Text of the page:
Why Make `fetch`'s Response Body a Stream?

Émile Bergeron asked on Twitter why fetch's Response body is a stream:

Can someone explain to me what's the advantage of a readable stream for the response body?

In my mind, parsing the body as JSON should be idempotent, but there's probably a good reason behind that API choice that I'm not seeing today. 🤔

@tjcrowder maybe? #JavaScript #wat

const response = await fetch(SOME_URL);
response.json(); // fine
// TypeError: Failed to execute 'json' on 'Response':
// body stream is locked

I don't have any special knowledge on this, but I've always assumed it's an efficiency thing. I could see that in a couple of ways. Making it a stream means:

  1. In theory, the browser can avoid loading the entire body into memory and then doing something with it (parsing as JSON, loading into an ArrayBuffer, etc.); instead, depending on the method you call, the browser can feed the response's network stream directly to the JSON parser, or ArrayBuffer builder, or Blob builder, etc.
  2. The parsing/etc. can happen in concert with the read (in theory that would mean an early error in the JSON would allow it to avoid continuing to read the body).
  3. The Response object doesn't have to keep a copy of the body after you've consumed it in case you call json() or such again; keeping the result is the job of the code using the response.

Émile pointed out that you can clone() the Response and then use json on both; from his follow-up tweet:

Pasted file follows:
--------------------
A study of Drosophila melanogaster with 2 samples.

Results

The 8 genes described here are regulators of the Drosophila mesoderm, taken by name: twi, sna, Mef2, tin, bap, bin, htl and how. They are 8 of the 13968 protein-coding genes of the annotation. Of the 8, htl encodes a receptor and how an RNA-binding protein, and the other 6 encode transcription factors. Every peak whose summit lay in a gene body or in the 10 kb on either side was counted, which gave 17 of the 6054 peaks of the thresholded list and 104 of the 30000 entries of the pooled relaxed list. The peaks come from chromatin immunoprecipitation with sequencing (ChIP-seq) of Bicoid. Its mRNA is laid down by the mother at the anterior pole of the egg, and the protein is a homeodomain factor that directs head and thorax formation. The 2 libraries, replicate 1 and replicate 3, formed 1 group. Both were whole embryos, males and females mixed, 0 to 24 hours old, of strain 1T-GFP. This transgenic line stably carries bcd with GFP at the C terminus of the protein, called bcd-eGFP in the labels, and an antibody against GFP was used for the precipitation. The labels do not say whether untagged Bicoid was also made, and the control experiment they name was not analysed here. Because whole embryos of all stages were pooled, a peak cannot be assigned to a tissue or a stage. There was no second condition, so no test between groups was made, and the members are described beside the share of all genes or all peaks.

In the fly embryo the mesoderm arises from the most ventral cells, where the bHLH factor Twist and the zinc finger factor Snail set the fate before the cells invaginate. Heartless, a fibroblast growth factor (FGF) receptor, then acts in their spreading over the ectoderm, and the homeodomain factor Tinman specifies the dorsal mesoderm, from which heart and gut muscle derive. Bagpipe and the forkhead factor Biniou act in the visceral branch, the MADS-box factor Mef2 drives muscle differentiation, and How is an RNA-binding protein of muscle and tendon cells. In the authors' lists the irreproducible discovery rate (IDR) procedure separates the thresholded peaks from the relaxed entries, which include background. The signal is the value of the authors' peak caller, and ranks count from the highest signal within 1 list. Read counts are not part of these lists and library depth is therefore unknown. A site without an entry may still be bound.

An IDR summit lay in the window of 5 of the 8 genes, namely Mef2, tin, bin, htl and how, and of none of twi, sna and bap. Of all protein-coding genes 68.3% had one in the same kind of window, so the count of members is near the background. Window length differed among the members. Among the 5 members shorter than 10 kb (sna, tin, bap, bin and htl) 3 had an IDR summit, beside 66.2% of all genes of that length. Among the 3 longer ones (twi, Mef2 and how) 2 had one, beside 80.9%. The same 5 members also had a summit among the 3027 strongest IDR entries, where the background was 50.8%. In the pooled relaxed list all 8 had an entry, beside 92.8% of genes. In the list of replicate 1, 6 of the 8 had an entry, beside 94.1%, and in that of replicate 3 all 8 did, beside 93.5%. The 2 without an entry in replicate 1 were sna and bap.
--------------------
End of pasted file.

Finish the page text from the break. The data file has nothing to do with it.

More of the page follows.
I'm aware of some alternative to avoid the error, like cloning the response.

const response = await fetch(SOME_URL);
response.clone().json(); // fine!
response.json(); // fine as well

...and that's true, but following through the specs (1, 2, 3) I'd probably want to avoid doing that when possible, since if I'm reading right, it triggers a read of the body and stores two copies of it (one for the clone, one for the original), at least until you consume them. So I think I'd use text() and then JSON.parse twice:

const response = await fetch(SOME_URL);
if (!response.ok) { // Don't forget the HTTP result check!
    throw new Error("HTTP error " + response.status);
let text = await response.text();
const copy1 = JSON.parse(text);
const copy2 = JSON.parse(text);
text = null;

I could easily be wrong about specific motivations, but using streams rather than passing big blocks of data around is a fairly popular thing, and it makes sense to me to ensure that only the consumer of the API keeps the data around.

Happy Coding!

Have a question or comment about this post? Ping me on Mastodon at @tjcrowdertech@hachyderm.io!